US fast food workers strike to supersize wages

Thousands of workers at McDonald's and other fast food outlets across the United States halted work Thursday in what organizers called the "largest-ever strike" to hit the $200 billion industry.

Workers in 60 cities put down burgers and fries to join the fight for $15 an hour -- double what most currently earn -- and the right to form a union without retaliation, organizers said.

"They make millions that come from our feet. They can afford to pay us better," Shaniqua Davis, 20, told AFP at a demonstration outside a McDonald's on New York's posh Fifth Avenue.

Davis has a one-year-old child and works at a branch of the restaurant in the Bronx where she earns $7.25 an hour.

"I have bills to pay. I need to buy diapers. I can hardly buy food. I am treated good but we need more money."

She said if it wasn't for food stamps and help she received to pay her rent "I would already be on the street."

Kendall Fells of the campaign group Fast Food Forward hit out at working conditions for people who had "no health insurance, no guarantee of hours."

"In (New York City) they make $7.25 an hour. If you look at any statistics of how much it takes you to survive in NYC, just food, clothing and rent, it's over $20 an hour."

The protest movement first began in New York last November with a strike by 200 workers but quickly spread across the country with strikes in July taking place in Chicago, Detroit, Flint, Kansas City, Milwaukee and St Louis.

On Thursday organizers said the strike hit some 1,000 major fast-food restaurants, including Burger King, Wendy's, Taco Bell, Pizza Hut and KFC.

"Hold the burgers, hold the fries, make worker wages supersize!" read a tweet from Fight for 15, a workers organizing committee.

Many of the three million fast-food workers in America don't work full-time and cannot count on tips like those who staff bars and restaurants.

"Many of these workers have children and are trying to support a family," said Mary Kay Henry of the Service Employees International Union, which is supporting the strike.

"The median wage (including managerial staff) of $9.08 an hour still falls far below the federal poverty line for a worker lucky enough to get 40 hours a week and never have to take a sick day."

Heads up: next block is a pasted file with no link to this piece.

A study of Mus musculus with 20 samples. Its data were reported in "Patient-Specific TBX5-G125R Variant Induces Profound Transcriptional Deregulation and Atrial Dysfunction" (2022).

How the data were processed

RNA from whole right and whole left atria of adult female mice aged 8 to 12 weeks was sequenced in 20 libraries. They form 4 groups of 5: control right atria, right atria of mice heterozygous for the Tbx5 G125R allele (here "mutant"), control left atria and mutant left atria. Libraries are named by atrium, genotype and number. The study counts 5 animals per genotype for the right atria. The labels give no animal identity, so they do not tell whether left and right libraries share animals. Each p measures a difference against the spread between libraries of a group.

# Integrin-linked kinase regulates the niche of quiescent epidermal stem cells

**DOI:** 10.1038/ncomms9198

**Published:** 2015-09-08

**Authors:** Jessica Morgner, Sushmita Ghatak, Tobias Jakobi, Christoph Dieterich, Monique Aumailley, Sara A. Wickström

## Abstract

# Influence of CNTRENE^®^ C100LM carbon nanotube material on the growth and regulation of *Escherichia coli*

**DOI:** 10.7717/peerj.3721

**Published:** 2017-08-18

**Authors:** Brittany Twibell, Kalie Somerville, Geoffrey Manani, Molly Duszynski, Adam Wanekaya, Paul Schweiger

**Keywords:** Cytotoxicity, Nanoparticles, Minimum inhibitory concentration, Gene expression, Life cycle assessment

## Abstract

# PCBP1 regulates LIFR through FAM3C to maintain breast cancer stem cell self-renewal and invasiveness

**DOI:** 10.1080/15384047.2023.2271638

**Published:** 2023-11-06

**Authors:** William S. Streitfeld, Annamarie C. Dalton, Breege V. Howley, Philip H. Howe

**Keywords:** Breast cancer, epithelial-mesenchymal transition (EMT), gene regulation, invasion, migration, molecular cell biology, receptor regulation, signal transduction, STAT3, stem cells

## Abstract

As the movement goes viral, it has become clear that the traditional image of a McDonald's worker -- a carefree adolescent flipping burgers until something better comes along -- has changed.

Fells from Fast Food Forward said that after the recession the average age of a fast food worker was 28. Two-thirds were women with an average age of 32.

"More people are looking to this as a real job rather than a transition or entry-level job," said Jefferson Cowie, of Cornell University's Department of Labor Relations, Law, and History.

Cowie told AFP that while wages have stagnated in the industry since the 1970s, "the recession really did not help." Neither has unemployment and the increased difficulty of accessing higher education.

He said he was not optimistic for the short-term success of the strike because, in the case of outlets like McDonald's, each branch is owned by an individual rather than the enterprise.

"It's a really important social pressure (but) they are not going to change things overnight. It will be a huge long-term struggle."

The National Restaurant Association defended the industry, saying it provided opportunity through jobs "that meet critical needs within our economy."

"The fact is, only five percent of restaurant employees earn the minimum wage and those that do are predominantly working part-time and half are teenagers," said Scott DeFife, executive vice president of policy and government affairs with the organization.

"Restaurant jobs teach valuable skills and a strong work ethic that are useful for workers throughout their professional careers."